Thai authorities to deport 70 Pakistani asylum seekers

Pakistani refugees exit a police truck as they arrive at the Immigration Detention Center, on Thursday, Oct. 11, 2018, in Bangkok, Thailand. (AP Photo/Tassanee Vejpongsa)
Updated 11 October 2018
0

Thai authorities to deport 70 Pakistani asylum seekers

  • Separately on Thursday, immigration police said they charged 24 foreigners with overstaying their visas
  • Thailand regularly deports foreigners who are in the country illegally

BANGKOK: Thai authorities on Thursday convicted 70 Pakistani asylum seekers of staying illegally in Thailand despite their protestations that they face persecution if they are sent home, as police intensify a crackdown on illegal immigration.
The Taling Chan Provincial Court issued fines and up to two-month suspended jail sentences to the group, which was charged with overstaying their visas and illegal entry. An officer in charge of the case, who declined to be named because of office policy, said they will be held in a detention center until they are deported.
The group was accompanied by 11 children who will also be held in the detention center.
One of the defendants, Emmanuel Shan, said the group consists mostly of Christian Pakistanis and some Ahmadi Muslims, and that members of the two religious groups face persecution in Pakistan.
"I'm Christian and my life and family are not safe back in Pakistan," he said.
In 1984, predominately Muslim Pakistan enacted amendments to its constitution which punish Ahmadis who call themselves Muslims "or pose to be Muslims" with up to three years in prison.
Police said 52 of the defendants were arrested Tuesday after they were found to have formed a group that smuggled Pakistani asylum seekers into Thailand with the goal of reaching other countries.
Thailand regularly deports foreigners who are in the country illegally, even if they are recognized by the United Nations as refugees who are fleeing persecution.
Foreign Ministry spokeswoman Busadee Santipitaks said Thailand is not part of the United Nation's 1951 Refugee Convention and authorities have to act on violations of the law. She said the government deals with migrants with U.N. refugee status on a case-by-case basis.
Phil Robertson, deputy director of Human Rights Watch's Asia division, said those who have refugee status or whose cases are being processed should not be detained.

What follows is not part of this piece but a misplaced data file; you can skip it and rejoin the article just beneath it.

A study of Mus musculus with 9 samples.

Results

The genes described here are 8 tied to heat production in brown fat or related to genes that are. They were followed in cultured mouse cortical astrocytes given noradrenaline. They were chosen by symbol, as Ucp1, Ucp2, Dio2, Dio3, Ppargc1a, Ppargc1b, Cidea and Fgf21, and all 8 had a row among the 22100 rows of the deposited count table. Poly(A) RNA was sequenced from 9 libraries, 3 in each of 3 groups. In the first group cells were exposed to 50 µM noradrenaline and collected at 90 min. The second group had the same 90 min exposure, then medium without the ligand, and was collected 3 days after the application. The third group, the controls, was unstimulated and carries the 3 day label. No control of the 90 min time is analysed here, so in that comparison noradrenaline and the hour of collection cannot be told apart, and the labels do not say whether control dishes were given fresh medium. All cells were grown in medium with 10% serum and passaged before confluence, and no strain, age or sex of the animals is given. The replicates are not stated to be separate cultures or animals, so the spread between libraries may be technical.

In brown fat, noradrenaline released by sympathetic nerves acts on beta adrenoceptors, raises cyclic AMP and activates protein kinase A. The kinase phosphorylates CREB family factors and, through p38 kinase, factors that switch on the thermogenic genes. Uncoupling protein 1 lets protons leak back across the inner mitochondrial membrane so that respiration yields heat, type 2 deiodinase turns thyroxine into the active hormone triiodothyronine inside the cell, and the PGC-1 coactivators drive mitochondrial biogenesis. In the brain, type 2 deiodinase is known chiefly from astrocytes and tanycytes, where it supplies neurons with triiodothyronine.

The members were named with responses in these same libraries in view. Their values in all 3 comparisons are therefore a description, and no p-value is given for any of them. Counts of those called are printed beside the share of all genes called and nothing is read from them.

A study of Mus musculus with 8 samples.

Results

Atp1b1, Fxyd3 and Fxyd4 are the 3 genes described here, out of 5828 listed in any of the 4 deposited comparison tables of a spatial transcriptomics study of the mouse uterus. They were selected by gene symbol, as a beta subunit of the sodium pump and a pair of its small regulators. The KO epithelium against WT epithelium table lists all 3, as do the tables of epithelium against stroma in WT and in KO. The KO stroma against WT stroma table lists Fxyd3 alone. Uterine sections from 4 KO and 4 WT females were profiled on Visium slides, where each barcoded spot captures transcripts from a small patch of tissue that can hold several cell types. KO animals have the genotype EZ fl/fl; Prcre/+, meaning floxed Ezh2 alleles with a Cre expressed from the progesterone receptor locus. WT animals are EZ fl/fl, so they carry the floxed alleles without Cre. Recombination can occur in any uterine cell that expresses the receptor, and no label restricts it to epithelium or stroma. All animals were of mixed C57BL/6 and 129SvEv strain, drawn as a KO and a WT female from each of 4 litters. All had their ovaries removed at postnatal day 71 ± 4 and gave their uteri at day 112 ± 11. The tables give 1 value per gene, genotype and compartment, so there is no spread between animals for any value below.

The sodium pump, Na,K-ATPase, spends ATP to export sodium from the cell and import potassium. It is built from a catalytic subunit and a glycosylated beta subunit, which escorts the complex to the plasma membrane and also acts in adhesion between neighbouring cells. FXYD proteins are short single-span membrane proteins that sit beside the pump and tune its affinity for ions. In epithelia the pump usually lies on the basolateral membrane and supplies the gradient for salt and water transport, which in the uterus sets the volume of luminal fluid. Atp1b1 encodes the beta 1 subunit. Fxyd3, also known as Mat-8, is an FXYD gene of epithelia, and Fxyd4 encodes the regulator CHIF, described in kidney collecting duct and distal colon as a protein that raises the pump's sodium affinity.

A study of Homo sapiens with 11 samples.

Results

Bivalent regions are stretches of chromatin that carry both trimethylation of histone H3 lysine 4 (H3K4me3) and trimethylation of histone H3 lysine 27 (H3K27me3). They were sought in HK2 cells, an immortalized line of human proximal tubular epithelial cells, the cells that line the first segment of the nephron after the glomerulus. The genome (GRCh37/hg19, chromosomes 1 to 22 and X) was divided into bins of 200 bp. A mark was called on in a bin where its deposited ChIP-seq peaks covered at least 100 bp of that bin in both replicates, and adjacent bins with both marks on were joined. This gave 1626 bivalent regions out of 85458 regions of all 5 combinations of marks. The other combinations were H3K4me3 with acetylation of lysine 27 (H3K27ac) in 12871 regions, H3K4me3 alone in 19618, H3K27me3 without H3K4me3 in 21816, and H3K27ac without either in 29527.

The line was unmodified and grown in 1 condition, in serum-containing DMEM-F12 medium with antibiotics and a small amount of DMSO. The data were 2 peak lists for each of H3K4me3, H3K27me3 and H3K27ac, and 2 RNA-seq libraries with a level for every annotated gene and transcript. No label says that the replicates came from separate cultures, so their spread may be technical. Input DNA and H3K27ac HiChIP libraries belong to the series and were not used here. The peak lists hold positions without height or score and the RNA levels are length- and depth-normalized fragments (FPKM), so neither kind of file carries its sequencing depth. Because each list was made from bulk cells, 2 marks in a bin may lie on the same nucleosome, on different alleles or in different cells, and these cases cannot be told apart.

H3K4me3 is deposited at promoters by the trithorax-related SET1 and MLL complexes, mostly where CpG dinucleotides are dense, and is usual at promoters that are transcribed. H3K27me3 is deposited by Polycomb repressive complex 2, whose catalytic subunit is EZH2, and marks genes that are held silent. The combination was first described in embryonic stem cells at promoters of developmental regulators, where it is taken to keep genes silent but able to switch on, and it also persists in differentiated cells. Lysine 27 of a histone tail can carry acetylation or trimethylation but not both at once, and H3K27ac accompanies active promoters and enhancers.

"This is a rights-abusing populist policy that denigrates Thailand and makes Thailand look cruel," Robertson said.
On Monday, Thai authorities announced they would step up efforts to arrest foreigners without appropriate legal status.
Lt. Gen. Kongcheep Tantravanich, spokesman for the Ministry of Defense, said Defense Minister Prawit Wongsuwan has ordered a one-month campaign to crack down on foreigners overstaying their visas.
Police Lt. Gen. Suttipong Wongpin, acting commissioner of the immigration bureau, said last week that the government had instructed police to strictly enforce the law on foreigners who violate immigration law.
Separately on Thursday, immigration police said they charged 24 foreigners with overstaying their visas and 11 others with illegal entry.


Saudi Arabia to make biggest investment in Pakistan’s history – Umar

Updated 13 December 2018
0

Saudi Arabia to make biggest investment in Pakistan’s history – Umar

  • Finance Minister says Islamabad has already received the first installment of the $1bn support package extended by Riyadh
  • Kingdom has also shown an interest in country’s largest coastal refinery

ISLAMABAD: Pakistan’s Finance Minister Asad Umar said on Thursday that an incoming investment package from Saudi Arabia had the potential to be “the biggest foreign investment in the country’s history”, reports in the Pakistani media said.
While addressing an event in Islamabad, Umar said: “The ball is in our court. It is going to the cabinet for approval next week, after which the announcement will be made.”
Following Prime Minister Imran Khan’s maiden visit to the Kingdom in September this year, a high-level Saudi delegation had visited Pakistan to discuss economic ties and investment opportunities.
Later, during PM Khan’s second visit to the country in October, both Pakistan and Saudi Arabia signed an agreement under which the Kingdom agreed to place a deposit of $3 billion for a period of one year to support Islamabad in its balance of payment crisis.
Both countries had also agreed that a one-year deferred payment facility for imported oil, up to $3 billion, will be provided by Saudi Arabia. This arrangement will be in place for three years, which will be reviewed thereafter.
Pakistan has already received the first tranche of $1 billion under the balance of payments support package extended by Saudi Arabia in November, with the second and third installments to be received in the next two months.
In recent months, Pakistan and Saudi Arabia have agreed to enhance their business and trade ties.
Saudi Arabia has also shown an interest to invest in Pakistan’s largest coastal refinery, a multibillion-dollar project being set up at Khalifa Point, near Hub in Balochistan. The details were confirmed to Arab News last month by Sher Afghan Khan, spokesman for the Ministry of Energy (petroleum division) and a board member of the Pak-Arab Refinery Limited (PARCO).